Mike McCue thinks a walled garden is the wrong approach for publishers in 2018.

Flipboard CEO Mike McCue at the 2018 Code Media conference
Flipboard CEO Mike McCue at the 2018 Code Media conference
Asa Mathat
Jason Del Rey has been a business journalist for 15 years and has covered Amazon, Walmart, and the e-commerce industry for the last decade. He was a senior correspondent at Vox.

For eight years, Flipboard co-founder and CEO Mike McCue has been building a news curation app that organizes articles into a format more conducive to mobile devices — and now reaches 100 million readers a month.

Then along comes Apple in 2015 with a competitive product, Apple News, that has at least 70 million monthly users and is now drawing strong interest from big publishers like HuffPost.

“When you’re an entrepreneur and you’re competing with Apple, that’s a pretty big deal,” McCue said in response to a question about the competitive risk of facing off against Apple, during an onstage interview at the Code Media conference in Huntington Beach, Calif., on Tuesday afternoon.

They’re “a partner and a competitor at the same time,” he added.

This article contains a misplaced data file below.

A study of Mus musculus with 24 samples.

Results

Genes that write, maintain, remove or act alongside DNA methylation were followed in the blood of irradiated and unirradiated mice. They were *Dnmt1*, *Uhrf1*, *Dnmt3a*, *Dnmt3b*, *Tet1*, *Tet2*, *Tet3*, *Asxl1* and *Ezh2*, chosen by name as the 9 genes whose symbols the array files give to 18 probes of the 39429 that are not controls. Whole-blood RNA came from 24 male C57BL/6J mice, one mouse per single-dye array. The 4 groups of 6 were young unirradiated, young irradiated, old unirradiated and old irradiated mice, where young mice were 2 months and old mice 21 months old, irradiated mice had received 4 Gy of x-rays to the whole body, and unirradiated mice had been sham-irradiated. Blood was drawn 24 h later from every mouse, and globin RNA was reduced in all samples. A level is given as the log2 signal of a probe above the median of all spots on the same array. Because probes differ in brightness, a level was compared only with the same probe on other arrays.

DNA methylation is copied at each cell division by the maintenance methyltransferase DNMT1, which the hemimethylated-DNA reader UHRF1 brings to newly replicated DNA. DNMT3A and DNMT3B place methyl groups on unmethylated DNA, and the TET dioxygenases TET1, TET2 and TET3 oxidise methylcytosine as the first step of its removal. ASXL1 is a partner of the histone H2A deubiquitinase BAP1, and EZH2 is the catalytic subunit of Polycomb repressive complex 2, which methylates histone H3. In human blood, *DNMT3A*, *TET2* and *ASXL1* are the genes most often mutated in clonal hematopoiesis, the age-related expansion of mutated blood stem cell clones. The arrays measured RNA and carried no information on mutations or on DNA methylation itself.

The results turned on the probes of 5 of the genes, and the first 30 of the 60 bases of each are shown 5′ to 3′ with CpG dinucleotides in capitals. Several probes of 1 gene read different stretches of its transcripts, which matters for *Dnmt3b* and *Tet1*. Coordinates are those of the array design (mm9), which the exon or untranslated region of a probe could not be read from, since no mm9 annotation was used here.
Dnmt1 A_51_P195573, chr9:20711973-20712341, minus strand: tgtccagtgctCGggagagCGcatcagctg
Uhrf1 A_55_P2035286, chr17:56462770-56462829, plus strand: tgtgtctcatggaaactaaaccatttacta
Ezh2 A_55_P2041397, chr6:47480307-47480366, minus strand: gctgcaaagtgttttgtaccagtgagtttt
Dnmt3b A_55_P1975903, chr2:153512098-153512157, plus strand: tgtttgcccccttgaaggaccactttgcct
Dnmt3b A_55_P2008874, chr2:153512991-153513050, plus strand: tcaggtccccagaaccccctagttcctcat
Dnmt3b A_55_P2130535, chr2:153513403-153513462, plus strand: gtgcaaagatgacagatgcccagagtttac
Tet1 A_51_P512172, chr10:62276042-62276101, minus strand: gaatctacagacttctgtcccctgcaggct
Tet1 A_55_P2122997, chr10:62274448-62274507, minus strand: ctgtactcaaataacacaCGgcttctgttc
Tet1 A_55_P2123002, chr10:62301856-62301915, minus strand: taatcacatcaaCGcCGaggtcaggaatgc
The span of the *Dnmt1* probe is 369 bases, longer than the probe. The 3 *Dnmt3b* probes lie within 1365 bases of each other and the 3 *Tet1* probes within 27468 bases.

But then McCue dropped the diplomacy to poke holes in a product that is indeed a risk to Flipboard’s future existence.

“Apple News as a product is living in the past,” McCue said in the interview with Recode Editor in Chief Dan Frommer. There’s “no social” sharing capability, “no curation happening — it’s algorithmic,” and it’s “another format that publishers have to adopt.”

“We’re not trying to create a closed ecosystem ... and that’s a big deal for publishers,” he added.

In the fall, Ad Age reported that Apple was running a test that would allow some publishers to sell ads in Apple News — giving them a shot at making money from their own content that’s shown inside the smartphone giant’s app.

But the Apple News format still means that readers view all articles directly in the app, instead of being directed to the publisher’s original website like Flipboard does.